Zooming in on the Outer Banks

After having spent a cozy comfy WARM evening sleeping on the leather FBO couches of Franklin Airport, slaDE~ and I were anxious to make our way west towards the Outer Banks (commonly referred to as the OBX). Wanting to wish our amazing hosts a fond farewell, we made our way over to the drop zone (Triangle Skydiving Center) in the chilly morning wind — 35 degrees Fahrenheit (dang cold for North Carolina in December — mind you, that’s cold for anywhere!).

Always incredibly hospitable, the DZO Greg gifted us with a huge Venison roast (fresh caught, skinned, butchered and frozen by Greg himself) to send us off with huge smiles and promise to return. He even took a photo of me ‘displaying’ an 8 point rack of antlers. A unique experience indeed.

And off we went, enjoying the rolling hills outside of eastern North Carolina, shifting into the Wild Refuges and Swamp Preserves on the east coast plains. It was at this scenic point that I decided to pull out our new D3100 Nikon SLR camera to capture the gorgeous changing landscape. And what a learning curve we were (are still) in for. I’m so excited at this new technology and opportunity to pursue my passion of photography. With a decent zoom lens to complement our standard body lens, I’ve found myself tickled by my cre8tive edge and excitement. So you think that I took lots of photos before? I’ve only just begun! Better free up some space on my hard drive. At double the megapixels of our point-and-shoot, I’m using up space superFAST.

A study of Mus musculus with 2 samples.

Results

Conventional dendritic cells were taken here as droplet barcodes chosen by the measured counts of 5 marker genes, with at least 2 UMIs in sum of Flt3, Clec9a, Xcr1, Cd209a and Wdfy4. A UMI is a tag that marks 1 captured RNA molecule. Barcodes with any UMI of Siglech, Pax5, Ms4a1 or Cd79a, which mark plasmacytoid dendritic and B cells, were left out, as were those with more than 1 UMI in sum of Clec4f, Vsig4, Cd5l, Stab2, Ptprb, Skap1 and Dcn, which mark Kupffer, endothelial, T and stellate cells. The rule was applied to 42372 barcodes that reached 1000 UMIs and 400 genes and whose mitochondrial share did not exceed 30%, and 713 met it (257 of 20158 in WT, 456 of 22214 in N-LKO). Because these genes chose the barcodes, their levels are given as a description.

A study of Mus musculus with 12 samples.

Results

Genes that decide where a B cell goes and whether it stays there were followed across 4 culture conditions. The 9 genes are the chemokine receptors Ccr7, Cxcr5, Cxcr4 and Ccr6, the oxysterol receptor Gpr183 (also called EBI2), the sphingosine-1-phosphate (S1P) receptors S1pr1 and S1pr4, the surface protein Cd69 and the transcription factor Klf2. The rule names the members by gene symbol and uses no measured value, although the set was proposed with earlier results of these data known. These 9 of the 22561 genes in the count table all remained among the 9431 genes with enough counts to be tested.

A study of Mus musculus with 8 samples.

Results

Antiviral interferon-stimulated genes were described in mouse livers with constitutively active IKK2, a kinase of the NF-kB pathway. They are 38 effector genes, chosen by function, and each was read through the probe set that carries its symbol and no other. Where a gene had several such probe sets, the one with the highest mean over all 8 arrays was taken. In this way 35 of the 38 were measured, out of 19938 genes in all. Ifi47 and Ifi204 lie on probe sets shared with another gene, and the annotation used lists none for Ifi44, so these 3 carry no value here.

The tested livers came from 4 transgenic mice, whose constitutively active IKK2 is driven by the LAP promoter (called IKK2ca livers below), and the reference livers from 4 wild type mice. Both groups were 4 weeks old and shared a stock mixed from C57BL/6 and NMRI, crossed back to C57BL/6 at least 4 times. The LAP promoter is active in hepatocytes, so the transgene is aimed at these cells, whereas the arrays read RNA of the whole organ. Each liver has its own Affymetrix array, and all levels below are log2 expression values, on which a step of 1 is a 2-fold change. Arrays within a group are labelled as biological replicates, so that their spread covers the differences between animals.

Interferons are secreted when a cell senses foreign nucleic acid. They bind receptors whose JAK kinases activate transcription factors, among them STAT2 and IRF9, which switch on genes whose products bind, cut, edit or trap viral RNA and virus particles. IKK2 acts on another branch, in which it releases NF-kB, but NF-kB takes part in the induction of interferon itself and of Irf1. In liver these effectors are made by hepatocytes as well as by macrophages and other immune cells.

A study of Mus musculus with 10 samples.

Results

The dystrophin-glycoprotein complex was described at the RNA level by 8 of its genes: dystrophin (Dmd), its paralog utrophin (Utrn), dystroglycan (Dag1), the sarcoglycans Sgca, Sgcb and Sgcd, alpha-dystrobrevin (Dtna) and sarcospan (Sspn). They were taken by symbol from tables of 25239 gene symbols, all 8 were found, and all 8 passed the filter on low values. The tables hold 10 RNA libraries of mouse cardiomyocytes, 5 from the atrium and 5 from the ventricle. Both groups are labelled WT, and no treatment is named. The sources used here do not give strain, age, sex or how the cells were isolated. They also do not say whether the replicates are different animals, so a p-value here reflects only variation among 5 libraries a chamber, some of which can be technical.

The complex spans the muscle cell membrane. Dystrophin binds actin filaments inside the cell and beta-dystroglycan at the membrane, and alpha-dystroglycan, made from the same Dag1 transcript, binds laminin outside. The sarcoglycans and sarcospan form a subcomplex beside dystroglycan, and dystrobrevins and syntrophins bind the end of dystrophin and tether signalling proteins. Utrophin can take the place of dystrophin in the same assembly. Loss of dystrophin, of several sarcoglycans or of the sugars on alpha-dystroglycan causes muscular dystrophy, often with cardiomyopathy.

Will let you know my verdict on this camera. But thus far, I’m tickled pink by the photos. Now if only I can learn my cameras functions (especially with exposure and aperture), I’ll be stylin’!

BTW, can anybody out there recommend a good basic photography book that’s clear, concise and extremely valuable in learning the basics of SLR photography (especially with regards to exposure — which can make or break my photos it seems on the SLR thus far!)?

The Outer Banks has its own feel and culture it seems. It revolves almost completely around tourism, and it being December and just above freezing, you can imagine that this might be the ‘low season’. Not digging the cold so much, but love the availability and freedom of empty beaches, empty stores, no lines or wait for any service. During the summer, I hear it is complete chaos and pandemonium here. Not my ideal for spending a quiet and explorative RV vacation!

The restaurants have few patrons, and pretty much only the locals reside here now (the small, friendly Outer Banks community is home to only about 2,200 year-round residents but during the summer season, it soars much higher, when visitors and vacationers flock to the area — I heard guestimates of 10,000?!).

Many facilities are closed for the winter (restaurants stores, lighthouses, museums, etc), so we have to pick our spots wisely. I’m pretty excited about exploring the region, especially the Wright Museum and the Wild Horses of Corolla!